Summer is over. The season of pool parties and barbeques has come to a close. But the kabbalistic calendar offers us one more chance to connect with neighbors – Sukkot. Think of Sukkot, which begins this week, as a spiritual block party, bringing together both your closest loved ones and the new kids in the neighborhood. Sukkot closes out the holiday season, but not without a unique spiritual opportunity to deepen our connection to others and to the Light.
We celebrate this holiday by erecting a sukkah, a temporary shelter that resembles a hut, in honor of the Israelites who wandered the desert for forty years. For seven days and seven nights, we convene under the sukkah to share food, recite blessings, and enjoy good company. But the spiritual significance of Sukkot goes deeper than good food and good company. With Rosh Hashanah and Yom Kippur behind us, we are meant to reconnect to each other at this time, and in doing so, collectively strengthen our spiritual community.
When we share a meal under the sukkah, we open ourselves up to true connection with others. Sukkot is the doorway to expanding our love for our community and for humanity as a whole. The kabbalists teach us to love our neighbors as ourselves. This is not simply a saying to instill peace between strangers. It is the core teaching of Kabbalah that challenges us to grow; according to Michael Berg, “It is the basis of everything that we do of a spiritual nature. The basis of all our connection to the fulfillment and blessings that we hope to bring into our lives is dependent on how much we are developing our internal love towards other people.” Sukkot gives us a chance to live out this teaching.
The path to fully embracing the unique and powerful energy of Sukkot is twofold. First, we share and express kindness in everything we do, both in our interactions with individuals and with the world as a whole. The energy that surrounds us during Sukkot is the very essence of kindness and sharing. By living and acting on these qualities we create a connection to the Light that offers kindness and sharing back to us. Like attracts like.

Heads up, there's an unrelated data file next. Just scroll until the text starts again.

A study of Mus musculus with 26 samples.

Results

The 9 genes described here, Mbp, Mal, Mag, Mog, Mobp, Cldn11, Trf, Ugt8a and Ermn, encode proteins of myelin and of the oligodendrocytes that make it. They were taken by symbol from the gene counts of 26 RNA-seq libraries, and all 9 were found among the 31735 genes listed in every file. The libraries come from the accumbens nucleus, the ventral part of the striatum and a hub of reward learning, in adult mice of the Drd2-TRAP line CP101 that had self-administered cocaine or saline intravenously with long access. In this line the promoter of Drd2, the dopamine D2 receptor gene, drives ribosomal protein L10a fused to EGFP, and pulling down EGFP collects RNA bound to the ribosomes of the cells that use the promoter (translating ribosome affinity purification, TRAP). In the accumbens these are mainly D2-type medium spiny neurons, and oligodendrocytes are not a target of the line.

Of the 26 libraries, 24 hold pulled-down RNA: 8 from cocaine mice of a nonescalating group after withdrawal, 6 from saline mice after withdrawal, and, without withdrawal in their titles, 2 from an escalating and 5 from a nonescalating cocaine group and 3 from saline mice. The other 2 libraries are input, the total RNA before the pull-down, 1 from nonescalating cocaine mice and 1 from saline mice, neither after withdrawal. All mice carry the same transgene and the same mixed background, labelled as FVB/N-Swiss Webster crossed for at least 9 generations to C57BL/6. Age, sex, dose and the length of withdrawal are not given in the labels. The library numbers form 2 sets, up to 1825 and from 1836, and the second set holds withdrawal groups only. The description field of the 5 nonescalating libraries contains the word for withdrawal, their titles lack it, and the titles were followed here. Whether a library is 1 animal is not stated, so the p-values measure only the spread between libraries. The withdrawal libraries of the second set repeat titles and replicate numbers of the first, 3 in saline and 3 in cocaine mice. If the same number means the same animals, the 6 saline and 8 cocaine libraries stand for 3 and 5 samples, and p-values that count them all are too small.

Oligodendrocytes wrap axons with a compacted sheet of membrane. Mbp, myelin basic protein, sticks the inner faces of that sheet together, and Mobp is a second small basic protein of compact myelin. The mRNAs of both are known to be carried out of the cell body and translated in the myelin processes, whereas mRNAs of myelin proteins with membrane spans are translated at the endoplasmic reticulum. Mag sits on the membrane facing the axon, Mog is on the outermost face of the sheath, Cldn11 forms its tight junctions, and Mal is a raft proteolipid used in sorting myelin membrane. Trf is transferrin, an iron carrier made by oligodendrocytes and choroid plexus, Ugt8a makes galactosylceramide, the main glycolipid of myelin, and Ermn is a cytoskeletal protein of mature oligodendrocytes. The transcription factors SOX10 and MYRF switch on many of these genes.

Second, we grow spiritually by both giving to and receiving from our community. This two-way interaction helps us all to thrive and grow. We are meant to engage in this powerful dance with each and every person we encounter. Take note of those who surround you; this is your community. This is the source of your spiritual growth. Our community is where we turn for help. And likewise, they will call upon us in a time of need.
This is the way we are meant to live, in a spiritual community built on the free flowing exchange of give and take. Together, we become stronger, collectively increasing the Light surrounding our community. But the opposite is also true. When we submit to our egos and our selfish desires, we not only rob ourselves of Light and blessings, but we negatively affect everyone in our community, including those who are meant to share with us. When we act selfishly, we diminish the Light available to our entire spiritual community, our friends, family members, and mentors. When one falls, we all fall.
“The entire purpose of our life in this world,” says Michael Berg, “the way we can achieve fulfillment and true connection with the Light of the Creator, is when we not only have love towards other people, but also when we are constantly growing that love towards all of humanity.” Though the Light of Sukkot is only available one time a year, the blessings we create through kindness and sharing last all year. In truly loving our neighbors as ourselves, we create a stronger spiritual community and a year of blessings to be shared by all.